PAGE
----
Muslims claim ownership of Taj Mahal


The Indian state is facing an extraordinary legal challenge to its ownership of the country's most famous national monument, the Taj Mahal. And the claim of ownership comes from the minority that has arguably faced the most discrimination and mistreatment in recent decades: Muslims.

The Indian state is facing an extraordinary legal challenge to its ownership of the country's most famous national monument, the Taj Mahal. And the claim of ownership comes from the minority that has arguably faced the most discrimination and mistreatment in recent decades: Muslims.

The Taj Mahal was built by the Muslim Mughal Emperor Shah Jahan as a mausoleum for his beloved wife Mumtaz Mahal, over whose death he was inconsolable. As well as her tomb, the Taj complex includes a mosque.

The ownership claim comes from the Sunni Waqf Board, a Muslim trust. The Waqf claims it has a legal title to the Taj because the Indian government granted it ownership of all Muslim tombs and graveyards in the state of Uttar Pradesh, where the Taj is located.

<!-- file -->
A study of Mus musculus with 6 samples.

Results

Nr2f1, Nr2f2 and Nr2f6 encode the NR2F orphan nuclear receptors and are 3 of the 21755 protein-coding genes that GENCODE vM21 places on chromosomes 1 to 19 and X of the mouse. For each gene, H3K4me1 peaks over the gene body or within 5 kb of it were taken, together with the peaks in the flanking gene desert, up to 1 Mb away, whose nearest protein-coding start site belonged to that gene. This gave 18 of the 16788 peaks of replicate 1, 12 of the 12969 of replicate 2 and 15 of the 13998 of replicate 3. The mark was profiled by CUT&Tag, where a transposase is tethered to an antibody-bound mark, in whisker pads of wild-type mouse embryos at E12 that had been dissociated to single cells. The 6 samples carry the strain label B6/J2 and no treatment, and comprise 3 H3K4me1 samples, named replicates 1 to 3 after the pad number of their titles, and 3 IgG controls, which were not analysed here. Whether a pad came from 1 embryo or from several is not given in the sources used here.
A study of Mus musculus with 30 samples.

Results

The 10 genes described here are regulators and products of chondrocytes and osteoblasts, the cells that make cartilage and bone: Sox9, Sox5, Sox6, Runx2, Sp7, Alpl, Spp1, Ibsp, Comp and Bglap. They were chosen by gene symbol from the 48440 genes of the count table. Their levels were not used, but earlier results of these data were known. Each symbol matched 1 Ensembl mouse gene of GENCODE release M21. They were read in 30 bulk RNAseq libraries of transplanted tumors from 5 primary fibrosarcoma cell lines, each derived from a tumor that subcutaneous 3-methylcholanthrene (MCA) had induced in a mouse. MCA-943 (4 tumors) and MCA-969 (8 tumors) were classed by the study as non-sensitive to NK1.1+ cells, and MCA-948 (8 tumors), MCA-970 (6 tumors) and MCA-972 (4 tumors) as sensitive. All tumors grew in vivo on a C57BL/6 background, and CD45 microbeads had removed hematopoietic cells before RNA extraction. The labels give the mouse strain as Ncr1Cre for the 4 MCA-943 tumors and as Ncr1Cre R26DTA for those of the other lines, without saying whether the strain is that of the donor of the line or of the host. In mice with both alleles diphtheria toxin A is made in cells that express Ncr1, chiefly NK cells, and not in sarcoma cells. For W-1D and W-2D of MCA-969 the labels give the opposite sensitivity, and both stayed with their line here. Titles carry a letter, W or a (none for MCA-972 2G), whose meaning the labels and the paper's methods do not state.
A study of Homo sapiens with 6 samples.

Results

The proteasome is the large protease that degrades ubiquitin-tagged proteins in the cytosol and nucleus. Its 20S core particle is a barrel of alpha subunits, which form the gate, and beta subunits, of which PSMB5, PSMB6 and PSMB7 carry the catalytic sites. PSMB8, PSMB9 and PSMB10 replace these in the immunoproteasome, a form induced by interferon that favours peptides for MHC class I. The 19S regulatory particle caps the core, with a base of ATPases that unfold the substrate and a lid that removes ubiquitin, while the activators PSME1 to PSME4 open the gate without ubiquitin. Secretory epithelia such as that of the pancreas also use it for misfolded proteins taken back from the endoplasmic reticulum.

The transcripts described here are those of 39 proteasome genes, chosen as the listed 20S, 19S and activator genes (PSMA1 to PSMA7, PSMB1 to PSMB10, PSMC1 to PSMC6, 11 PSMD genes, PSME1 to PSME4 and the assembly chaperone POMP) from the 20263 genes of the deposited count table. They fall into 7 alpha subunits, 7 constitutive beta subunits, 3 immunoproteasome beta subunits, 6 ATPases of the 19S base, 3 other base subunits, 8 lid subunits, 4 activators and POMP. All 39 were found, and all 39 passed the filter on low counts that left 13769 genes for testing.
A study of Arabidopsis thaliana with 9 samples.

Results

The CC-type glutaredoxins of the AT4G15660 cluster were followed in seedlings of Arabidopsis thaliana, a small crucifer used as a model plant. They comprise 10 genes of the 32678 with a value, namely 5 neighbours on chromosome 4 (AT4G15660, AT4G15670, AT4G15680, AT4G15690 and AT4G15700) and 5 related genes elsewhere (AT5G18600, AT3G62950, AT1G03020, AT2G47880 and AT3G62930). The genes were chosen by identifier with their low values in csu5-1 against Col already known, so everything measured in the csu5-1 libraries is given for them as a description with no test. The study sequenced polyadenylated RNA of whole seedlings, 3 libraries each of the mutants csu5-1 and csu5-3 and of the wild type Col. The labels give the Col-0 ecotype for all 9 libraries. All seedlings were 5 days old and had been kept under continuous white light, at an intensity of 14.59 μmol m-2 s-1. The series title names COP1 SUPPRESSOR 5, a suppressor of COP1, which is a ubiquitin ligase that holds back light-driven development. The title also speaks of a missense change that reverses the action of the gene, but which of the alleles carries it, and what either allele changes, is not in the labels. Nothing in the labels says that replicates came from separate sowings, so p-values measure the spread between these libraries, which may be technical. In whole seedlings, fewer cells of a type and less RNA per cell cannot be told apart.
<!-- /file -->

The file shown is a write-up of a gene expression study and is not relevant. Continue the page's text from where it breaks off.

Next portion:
Since the Waqf has quasi-judicial powers, it is threatening to make a ruling and seize ownership of the Taj if the Archaeological Survey of India and the central government do not reply to its claim by the end of March.

The Taj is considered by many to be the world's greatest architectural masterpiece. It is almost certainly the world's most famous monument to love. Rabindranath Tagore, the Bengali poet, called it a "teardrop on the face of eternity".

But its beauty and status as a religious site have not made it immune to the rivalries of the region. In 2002, when India and Pakistan nearly went to war, the Taj was covered in camouflaged netting, supposedly to protect it from a Pakistani air raid - though that would have meant officially Islamic Pakistan bombing a mosque.

This time the threat to the Taj is not so dire. It seems that what is really at stake are the lucrative gate receipts from the hordes of foreign tourists who come to see the Taj every year. The Waqf says if its claim is successful, it plans to commandeer 7 per cent of ticket sales.

But it is unlikely the Waqf will get the Taj. This is one piece of Islamic India even the most diehard Hindu extremists will not part with in a hurry.